The woman who started Britain’s round of applause for NHS workers has been flabbergasted by the response – including on her own doorstep.
Annemarie Plas, 36, from Streatham Hill, pictured above, had the idea for #ClapForOurCarers in early March after seeing something similar in her native Netherlands. She also saw footage of similar events in France and Spain.
But she never expected it to balloon into a nationwide phenomenon, which enters its third week tomorrow, and looks set to continue for several more until the end of lockdown.
She is also working with the #LightItBlue campaign, where landmark buildings flash blue across the UK every Thursday.
She is also planning a string of initiatives to support NHS staff in the aftermath of the coronavirus pandemic, a final colossal applause as people end their isolation.
The mother of a two-year-old talked to friends to float the idea of clapping for carers – including NHS workers, care workers, pharmacists and supermarket staff. They helped her create a graphic for social media, set up a website and started sharing it online.
The weekend before the first event, the campaign exploded – the Duke and Duchess of Sussex and Victoria Beckham were those who pledged support. In the end, most people who knew about it across the country joined in – including her neighbours.
Yoga instructor Ms Plas said: “It was a very emotional moment for me as I heard my neighbours that I haven’t seen for days on our – normally busy – road.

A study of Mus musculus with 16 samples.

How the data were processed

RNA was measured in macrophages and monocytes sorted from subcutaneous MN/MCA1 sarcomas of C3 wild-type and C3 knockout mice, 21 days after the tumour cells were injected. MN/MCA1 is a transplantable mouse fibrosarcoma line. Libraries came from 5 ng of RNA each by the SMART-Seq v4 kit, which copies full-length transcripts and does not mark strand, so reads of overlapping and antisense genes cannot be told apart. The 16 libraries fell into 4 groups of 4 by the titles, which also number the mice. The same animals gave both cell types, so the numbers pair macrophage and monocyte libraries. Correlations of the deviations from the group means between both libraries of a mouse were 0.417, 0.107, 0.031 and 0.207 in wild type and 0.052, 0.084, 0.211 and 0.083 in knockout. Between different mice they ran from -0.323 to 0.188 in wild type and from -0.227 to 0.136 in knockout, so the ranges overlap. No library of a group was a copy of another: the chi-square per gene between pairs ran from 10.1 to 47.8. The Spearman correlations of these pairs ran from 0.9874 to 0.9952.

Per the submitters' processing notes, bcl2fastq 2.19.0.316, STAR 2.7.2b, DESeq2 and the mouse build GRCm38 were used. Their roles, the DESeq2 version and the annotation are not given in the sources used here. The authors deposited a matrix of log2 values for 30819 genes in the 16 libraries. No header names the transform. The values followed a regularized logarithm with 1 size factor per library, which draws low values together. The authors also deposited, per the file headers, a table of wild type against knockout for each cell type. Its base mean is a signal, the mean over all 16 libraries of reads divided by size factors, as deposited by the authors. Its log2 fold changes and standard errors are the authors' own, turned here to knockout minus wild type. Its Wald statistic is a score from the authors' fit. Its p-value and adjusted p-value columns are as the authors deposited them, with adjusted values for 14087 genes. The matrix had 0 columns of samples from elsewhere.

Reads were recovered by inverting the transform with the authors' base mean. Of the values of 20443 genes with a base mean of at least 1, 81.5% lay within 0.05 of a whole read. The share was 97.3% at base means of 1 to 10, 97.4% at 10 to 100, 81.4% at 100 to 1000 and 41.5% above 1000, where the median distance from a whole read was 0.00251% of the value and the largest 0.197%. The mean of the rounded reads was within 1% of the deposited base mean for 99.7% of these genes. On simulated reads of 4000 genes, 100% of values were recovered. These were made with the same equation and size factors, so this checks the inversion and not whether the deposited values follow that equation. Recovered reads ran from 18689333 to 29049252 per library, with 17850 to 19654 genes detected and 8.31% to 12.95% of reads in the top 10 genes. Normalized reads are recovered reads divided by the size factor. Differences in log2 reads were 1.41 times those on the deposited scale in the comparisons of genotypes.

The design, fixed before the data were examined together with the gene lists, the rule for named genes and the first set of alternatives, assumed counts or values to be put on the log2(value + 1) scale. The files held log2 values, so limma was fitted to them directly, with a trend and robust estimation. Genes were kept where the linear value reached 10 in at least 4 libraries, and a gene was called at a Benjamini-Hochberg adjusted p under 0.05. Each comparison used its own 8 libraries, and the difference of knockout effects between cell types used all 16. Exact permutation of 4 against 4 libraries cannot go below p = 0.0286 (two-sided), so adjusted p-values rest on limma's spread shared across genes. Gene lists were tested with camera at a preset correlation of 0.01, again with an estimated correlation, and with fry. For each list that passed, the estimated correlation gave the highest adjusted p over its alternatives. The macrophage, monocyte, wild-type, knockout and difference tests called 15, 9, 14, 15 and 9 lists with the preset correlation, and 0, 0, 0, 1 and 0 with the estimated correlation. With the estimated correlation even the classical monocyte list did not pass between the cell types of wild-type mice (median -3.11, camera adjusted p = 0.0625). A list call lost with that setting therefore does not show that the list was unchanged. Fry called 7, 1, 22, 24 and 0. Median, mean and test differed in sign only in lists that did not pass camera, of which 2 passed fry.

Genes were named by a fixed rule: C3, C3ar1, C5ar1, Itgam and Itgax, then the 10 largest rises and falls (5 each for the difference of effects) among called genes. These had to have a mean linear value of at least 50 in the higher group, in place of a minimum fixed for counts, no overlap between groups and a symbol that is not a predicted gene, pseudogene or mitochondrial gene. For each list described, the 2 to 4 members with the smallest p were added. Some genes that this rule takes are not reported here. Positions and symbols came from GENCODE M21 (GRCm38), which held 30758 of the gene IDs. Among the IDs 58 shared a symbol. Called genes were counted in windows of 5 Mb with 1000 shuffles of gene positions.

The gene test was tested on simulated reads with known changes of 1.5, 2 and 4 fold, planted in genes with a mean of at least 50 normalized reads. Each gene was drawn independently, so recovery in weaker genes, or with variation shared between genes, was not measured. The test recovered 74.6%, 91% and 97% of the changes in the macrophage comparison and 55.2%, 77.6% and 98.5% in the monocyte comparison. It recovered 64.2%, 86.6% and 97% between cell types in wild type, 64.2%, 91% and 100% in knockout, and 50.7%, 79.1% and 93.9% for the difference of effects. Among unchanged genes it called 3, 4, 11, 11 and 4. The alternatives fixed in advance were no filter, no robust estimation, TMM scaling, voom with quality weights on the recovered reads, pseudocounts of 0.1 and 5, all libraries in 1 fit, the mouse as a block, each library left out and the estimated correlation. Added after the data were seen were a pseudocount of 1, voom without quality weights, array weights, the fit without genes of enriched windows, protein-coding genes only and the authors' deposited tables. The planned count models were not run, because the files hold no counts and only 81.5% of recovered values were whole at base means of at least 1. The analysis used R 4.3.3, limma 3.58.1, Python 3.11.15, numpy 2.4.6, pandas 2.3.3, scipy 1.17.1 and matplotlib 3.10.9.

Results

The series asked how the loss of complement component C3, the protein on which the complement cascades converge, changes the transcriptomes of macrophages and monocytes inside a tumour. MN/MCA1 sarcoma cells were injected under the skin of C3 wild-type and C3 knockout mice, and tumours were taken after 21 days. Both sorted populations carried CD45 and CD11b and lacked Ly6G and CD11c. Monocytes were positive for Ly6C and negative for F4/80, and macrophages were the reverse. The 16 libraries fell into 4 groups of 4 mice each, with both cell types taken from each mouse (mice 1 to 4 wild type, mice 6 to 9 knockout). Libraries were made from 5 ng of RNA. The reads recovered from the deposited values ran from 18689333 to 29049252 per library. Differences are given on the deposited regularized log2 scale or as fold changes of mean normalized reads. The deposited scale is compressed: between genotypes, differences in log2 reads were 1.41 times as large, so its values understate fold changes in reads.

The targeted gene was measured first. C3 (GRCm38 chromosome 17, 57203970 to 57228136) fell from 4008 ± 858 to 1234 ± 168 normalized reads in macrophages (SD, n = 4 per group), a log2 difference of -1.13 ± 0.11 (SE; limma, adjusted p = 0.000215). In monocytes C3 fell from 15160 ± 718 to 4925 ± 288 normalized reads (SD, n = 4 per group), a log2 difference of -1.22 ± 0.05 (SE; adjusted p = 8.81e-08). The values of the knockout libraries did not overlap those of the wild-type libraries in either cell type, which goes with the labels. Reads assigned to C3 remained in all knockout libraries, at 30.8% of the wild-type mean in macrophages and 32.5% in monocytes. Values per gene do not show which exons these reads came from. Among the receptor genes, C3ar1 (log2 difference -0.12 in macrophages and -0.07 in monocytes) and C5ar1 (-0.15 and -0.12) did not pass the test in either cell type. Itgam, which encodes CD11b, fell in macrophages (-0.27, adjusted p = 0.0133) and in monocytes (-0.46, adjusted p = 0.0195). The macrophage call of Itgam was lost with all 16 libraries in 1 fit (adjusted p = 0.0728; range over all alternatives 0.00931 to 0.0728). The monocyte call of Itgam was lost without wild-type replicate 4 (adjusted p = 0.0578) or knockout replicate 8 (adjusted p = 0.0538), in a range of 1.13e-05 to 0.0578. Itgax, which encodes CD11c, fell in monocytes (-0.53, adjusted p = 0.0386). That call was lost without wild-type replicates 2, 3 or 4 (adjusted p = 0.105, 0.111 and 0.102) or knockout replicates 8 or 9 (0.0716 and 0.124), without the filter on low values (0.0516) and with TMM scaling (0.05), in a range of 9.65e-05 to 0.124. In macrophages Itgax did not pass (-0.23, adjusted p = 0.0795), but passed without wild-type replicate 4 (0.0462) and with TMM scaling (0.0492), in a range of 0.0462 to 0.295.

“I would have never have thought that the Beckhams and the Duke and Duchess of Sussex would have supported it. We have also received such amazing pick up from the media as well, which has been incredible. I could not believe it when reporters started getting in touch.
“I was surprised to see Boris Johnson clapping on April 3, when he was ill. We could see that he was suffering – he was standing and leaning in the doorway. A complete change from the first Clap For Our Carers on March 25, where he stood outside clapping.
“I wanted to do it after hearing the first-hand experiences of friends back in the Netherlands, and how much it lifted the spirits of those in hospitals – patients and staff. I love the way it has brought communities together, as they self-isolate during lockdown. It also gives a chance for people to communicate, at a safe distance, with their neighbours.
“It went from clapping behind windows, to hanging out of them, to people – at safe distance – outside shouting.”
Ms Plas encouraged everyone to stand where they can while keeping a safe distance, in doorways, windows, balconies, gardens or living rooms – at 8pm every Thursday.
Ms Plas said: “Hopefully it can give some strength and a boost to whoever needs it. I hope it gives that boost to the front line people, people that we’ve often taken for granted. They can see how much we appreciate them. Without them we are no one.
“We will keep on clapping until the end of lockdown, and when we get there we will do one final clap, giving that to all those who were involved in the relief effort.
“The key workers will be facing the effects for much longer, so we could continue to give thanks to them. We are looking to raise money for the NHS Together charity, with a selection of ideas that we are currently working on. We are working with video sharking app TikTok, which is supporting the #ClapForOurCarers campaign through their network.”